Now, if by happenstance you run into him, that’s a different story. It would be a good idea to be cheerful, positive, and in a good mood when you see him.  Don’t get pulled into any conversations about the relationship or any debates about what went wrong, whose fault it was, or anything like that. And don’t be pouty or outright mean. That’s just immature.
My story illustrates the power of working on yourself, of being your best self, of being in a happy, settled place before you enter into a relationship. The reason my husband doesn’t know what shifted is that it wasn’t a tangible thing. It was my vibe and my energy. I changed a lot from the beginning of the summer to the end, I did a lot of important inner work and I genuinely loved myself and was happy with my life. That’s the kind of energy that draws people in. That’s what makes people see you in a different light.
Oddly enough, many of my clients were successful in re-establishing contact with their ex boyfriends by simply not even trying.  They didn’t do anything except move forward with their lives, focusing on bettering themselves personally and professionally.  In a way, it is a form of what I call Passive No Contact or Passive Radio Silence.  It works for some people.  They figure that if their boyfriend dropped them, then so be it and instead of becoming dependent and addicted to their ex boyfriend, they choose to embrace other things in their life, doing those things they want to do and accomplish. Then as they focus on those things and have success, often times their ex boyfriends show up realizing they made a huge mistake letting their girlfriend go.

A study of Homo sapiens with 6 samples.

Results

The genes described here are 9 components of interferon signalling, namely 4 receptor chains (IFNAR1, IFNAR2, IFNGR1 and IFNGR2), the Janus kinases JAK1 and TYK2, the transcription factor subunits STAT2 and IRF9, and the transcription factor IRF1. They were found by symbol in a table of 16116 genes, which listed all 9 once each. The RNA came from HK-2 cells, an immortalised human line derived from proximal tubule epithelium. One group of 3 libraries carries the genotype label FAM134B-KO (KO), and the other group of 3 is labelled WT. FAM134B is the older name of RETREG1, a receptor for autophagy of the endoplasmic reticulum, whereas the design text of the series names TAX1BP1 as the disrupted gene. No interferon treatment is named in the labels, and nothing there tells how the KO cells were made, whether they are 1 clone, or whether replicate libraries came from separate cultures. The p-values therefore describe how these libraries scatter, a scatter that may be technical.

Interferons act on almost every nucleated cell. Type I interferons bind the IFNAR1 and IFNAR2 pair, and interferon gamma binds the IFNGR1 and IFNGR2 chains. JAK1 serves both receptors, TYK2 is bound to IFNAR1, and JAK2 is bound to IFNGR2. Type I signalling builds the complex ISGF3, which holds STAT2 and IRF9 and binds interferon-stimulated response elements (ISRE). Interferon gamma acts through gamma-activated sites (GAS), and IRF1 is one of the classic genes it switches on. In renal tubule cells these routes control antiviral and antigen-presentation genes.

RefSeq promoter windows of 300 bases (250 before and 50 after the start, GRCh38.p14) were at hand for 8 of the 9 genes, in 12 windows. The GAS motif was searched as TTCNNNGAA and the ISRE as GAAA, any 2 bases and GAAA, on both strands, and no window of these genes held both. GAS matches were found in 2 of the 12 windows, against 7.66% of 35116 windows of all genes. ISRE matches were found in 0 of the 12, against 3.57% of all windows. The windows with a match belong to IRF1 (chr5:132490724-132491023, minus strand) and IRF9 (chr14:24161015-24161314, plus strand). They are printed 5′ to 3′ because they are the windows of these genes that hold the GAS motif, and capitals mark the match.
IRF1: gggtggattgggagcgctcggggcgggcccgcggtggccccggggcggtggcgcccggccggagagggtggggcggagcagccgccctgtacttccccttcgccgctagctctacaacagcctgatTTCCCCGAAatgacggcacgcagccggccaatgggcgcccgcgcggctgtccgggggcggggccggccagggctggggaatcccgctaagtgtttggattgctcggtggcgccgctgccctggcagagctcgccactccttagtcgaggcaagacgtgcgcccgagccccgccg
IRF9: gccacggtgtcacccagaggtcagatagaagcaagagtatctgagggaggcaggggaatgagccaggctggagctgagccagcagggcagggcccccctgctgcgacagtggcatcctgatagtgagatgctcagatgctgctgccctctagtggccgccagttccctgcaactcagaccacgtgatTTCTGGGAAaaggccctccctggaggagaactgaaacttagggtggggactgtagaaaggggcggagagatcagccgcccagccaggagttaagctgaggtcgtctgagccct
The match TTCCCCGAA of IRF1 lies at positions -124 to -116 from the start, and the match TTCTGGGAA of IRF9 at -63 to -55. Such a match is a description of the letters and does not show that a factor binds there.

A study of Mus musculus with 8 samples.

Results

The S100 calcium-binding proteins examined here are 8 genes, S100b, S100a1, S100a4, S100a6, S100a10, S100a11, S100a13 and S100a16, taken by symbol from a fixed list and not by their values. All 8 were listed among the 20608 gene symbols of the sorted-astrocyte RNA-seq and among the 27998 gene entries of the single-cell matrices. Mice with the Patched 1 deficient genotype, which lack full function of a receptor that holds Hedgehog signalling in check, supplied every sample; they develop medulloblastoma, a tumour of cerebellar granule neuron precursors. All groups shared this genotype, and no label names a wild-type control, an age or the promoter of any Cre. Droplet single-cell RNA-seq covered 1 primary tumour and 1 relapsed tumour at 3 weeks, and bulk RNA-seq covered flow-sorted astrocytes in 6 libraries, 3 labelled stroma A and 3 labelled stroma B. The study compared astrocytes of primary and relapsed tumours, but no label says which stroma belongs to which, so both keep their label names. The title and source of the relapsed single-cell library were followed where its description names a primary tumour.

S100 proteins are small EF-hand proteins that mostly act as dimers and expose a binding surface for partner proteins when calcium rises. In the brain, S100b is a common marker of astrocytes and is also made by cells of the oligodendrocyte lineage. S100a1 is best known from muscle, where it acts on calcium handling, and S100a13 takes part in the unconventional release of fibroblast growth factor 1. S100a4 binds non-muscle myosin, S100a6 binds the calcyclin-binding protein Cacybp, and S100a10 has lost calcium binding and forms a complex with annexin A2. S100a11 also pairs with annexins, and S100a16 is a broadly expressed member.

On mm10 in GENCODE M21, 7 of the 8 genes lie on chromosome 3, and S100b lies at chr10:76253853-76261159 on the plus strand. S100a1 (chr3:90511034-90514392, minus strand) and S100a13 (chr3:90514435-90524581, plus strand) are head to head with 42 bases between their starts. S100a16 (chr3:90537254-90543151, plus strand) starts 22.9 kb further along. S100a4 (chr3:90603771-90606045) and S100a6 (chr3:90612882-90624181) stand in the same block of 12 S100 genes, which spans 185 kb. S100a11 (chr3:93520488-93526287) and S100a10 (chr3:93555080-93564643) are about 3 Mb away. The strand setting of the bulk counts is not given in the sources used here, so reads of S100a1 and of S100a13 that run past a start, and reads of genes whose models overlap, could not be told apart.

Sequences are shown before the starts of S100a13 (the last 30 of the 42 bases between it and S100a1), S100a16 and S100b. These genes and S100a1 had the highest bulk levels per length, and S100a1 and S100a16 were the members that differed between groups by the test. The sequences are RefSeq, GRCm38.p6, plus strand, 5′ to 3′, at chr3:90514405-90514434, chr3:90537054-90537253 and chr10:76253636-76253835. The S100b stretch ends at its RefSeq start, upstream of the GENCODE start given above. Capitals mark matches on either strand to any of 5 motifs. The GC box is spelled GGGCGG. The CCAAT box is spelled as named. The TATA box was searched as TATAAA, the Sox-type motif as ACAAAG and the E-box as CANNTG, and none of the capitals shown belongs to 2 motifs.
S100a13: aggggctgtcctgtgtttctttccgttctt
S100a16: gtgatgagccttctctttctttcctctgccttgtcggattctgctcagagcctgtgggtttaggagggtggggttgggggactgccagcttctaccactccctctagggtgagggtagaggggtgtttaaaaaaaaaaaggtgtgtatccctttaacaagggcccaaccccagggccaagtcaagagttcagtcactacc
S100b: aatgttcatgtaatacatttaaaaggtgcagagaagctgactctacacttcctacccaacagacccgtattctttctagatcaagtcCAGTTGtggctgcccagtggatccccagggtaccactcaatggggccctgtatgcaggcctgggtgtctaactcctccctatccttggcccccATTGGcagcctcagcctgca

It's important to not just talk, but to listen and hear what your partner has to say about what's going on in your relationship.[5] You can show you're listening by summarizing what your partner has to say to show you've understood what he or she has said. You can also ask questions that show you've heard what the person has said and that you want to know more.